Chapter 11 is usually the most complex form of bankruptcy. And in legal issues, complex can often mean expensive. But for certain small businesses with less than $2,000,000 in debt, a fast tracked Chapter 11 may be a realistic option that allows a business owner to gain the benefits of bankruptcy while continuing to do business and without liquidating business assets.
Chapter 13 bankruptcy is only available to individuals. It may be an option for some businesses operating as sole proprietorships. But in most cases, businesses must choose between a liquidating bankruptcy under Chapter 7 and reorganization under Chapter 11.
While Chapter 7 bankruptcy may be the best option in cases where a business has decided to throw in the towel and dissolve, for those who want to continue doing business after bankruptcy, Chapter 11 is often the way to go. This is because it stays collection actions and allows businesses to retain possession of their assets and continue to operate during reorganization. It also allows them to renegotiate contracts that have become financially problematic. But it won’t solve deep problems such as a lack of demand for the product or service so it is important for business owners to consider their realistic prospects of success following Chapter 11.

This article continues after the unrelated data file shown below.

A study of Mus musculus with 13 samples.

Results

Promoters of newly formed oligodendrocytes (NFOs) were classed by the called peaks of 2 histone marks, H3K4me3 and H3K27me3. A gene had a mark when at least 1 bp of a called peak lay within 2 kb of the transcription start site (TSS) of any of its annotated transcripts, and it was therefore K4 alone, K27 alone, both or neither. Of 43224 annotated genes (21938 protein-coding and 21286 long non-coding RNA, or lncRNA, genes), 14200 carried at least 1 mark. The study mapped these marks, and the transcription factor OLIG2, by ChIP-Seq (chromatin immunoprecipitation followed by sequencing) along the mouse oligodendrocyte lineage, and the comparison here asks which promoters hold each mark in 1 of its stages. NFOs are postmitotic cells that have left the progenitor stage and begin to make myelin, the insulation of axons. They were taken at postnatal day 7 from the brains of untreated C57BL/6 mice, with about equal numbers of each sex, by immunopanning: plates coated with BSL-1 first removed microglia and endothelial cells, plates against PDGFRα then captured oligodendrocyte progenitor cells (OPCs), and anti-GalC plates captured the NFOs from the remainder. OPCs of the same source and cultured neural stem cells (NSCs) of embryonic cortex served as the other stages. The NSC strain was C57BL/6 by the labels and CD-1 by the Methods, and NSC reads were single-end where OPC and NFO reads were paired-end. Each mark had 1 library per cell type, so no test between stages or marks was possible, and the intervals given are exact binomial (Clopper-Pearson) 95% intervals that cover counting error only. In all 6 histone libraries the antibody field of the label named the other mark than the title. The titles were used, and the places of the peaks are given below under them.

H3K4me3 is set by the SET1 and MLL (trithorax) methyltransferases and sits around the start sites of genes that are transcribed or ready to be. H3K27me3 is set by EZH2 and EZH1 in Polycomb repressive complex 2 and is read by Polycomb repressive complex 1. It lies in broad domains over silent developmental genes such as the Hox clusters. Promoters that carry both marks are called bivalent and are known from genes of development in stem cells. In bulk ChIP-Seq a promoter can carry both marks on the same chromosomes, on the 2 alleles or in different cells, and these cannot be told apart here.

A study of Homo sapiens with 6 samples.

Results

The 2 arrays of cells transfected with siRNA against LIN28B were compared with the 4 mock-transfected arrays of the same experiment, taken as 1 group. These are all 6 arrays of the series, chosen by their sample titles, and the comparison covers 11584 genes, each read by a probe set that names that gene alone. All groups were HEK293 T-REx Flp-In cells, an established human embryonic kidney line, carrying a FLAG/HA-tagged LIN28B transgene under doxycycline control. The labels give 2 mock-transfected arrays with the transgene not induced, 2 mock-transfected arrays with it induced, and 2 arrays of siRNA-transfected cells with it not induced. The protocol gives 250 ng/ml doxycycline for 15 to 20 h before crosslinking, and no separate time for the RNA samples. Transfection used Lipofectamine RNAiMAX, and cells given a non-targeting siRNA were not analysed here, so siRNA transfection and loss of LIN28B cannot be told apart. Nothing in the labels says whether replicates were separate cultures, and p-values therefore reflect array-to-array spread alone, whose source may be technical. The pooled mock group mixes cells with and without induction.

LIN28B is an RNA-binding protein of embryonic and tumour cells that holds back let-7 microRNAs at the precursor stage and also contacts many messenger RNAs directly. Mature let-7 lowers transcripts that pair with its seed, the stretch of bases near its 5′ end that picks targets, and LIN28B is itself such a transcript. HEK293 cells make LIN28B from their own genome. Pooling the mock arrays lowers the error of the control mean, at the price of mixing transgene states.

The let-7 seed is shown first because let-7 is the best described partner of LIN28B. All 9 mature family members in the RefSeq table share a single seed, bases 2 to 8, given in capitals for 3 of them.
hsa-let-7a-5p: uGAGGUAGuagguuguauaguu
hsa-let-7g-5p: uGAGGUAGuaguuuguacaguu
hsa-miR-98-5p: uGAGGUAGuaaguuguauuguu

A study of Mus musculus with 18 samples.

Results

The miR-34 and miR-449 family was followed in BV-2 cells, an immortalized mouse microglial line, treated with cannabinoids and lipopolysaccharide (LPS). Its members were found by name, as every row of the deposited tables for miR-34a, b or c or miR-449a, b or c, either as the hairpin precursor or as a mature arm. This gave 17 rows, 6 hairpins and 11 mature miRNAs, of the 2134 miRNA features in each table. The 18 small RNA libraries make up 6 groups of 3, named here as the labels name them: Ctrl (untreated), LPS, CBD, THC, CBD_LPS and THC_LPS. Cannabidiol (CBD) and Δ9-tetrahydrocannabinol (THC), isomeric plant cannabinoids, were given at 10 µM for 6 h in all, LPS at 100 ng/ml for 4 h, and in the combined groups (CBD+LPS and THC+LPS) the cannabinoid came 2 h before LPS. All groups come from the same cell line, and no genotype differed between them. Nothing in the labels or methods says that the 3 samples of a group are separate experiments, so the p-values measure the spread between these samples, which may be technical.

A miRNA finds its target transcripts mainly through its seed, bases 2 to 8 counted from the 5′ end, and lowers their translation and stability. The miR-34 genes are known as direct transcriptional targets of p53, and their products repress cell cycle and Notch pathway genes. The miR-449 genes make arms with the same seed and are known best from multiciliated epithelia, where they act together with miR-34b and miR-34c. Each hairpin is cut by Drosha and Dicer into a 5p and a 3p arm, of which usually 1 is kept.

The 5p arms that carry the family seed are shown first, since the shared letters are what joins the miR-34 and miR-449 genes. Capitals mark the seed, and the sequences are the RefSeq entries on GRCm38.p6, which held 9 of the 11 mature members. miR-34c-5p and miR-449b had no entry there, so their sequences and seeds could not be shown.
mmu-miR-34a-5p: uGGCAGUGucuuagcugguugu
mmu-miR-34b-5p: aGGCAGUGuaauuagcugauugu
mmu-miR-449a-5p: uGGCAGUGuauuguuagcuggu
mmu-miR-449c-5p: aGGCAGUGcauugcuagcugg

Of course Chapter 11, like all forms of bankruptcy, has some risks and downsides. It can impact a business’s credit and will usually cause creditors to view it as a credit risk. This may lead to higher borrowing costs and limited access to credit. The impact of numerous collection actions, however, can be just as bad and can cost far more in legal fees than simply confronting debtors head on through Chapter 11.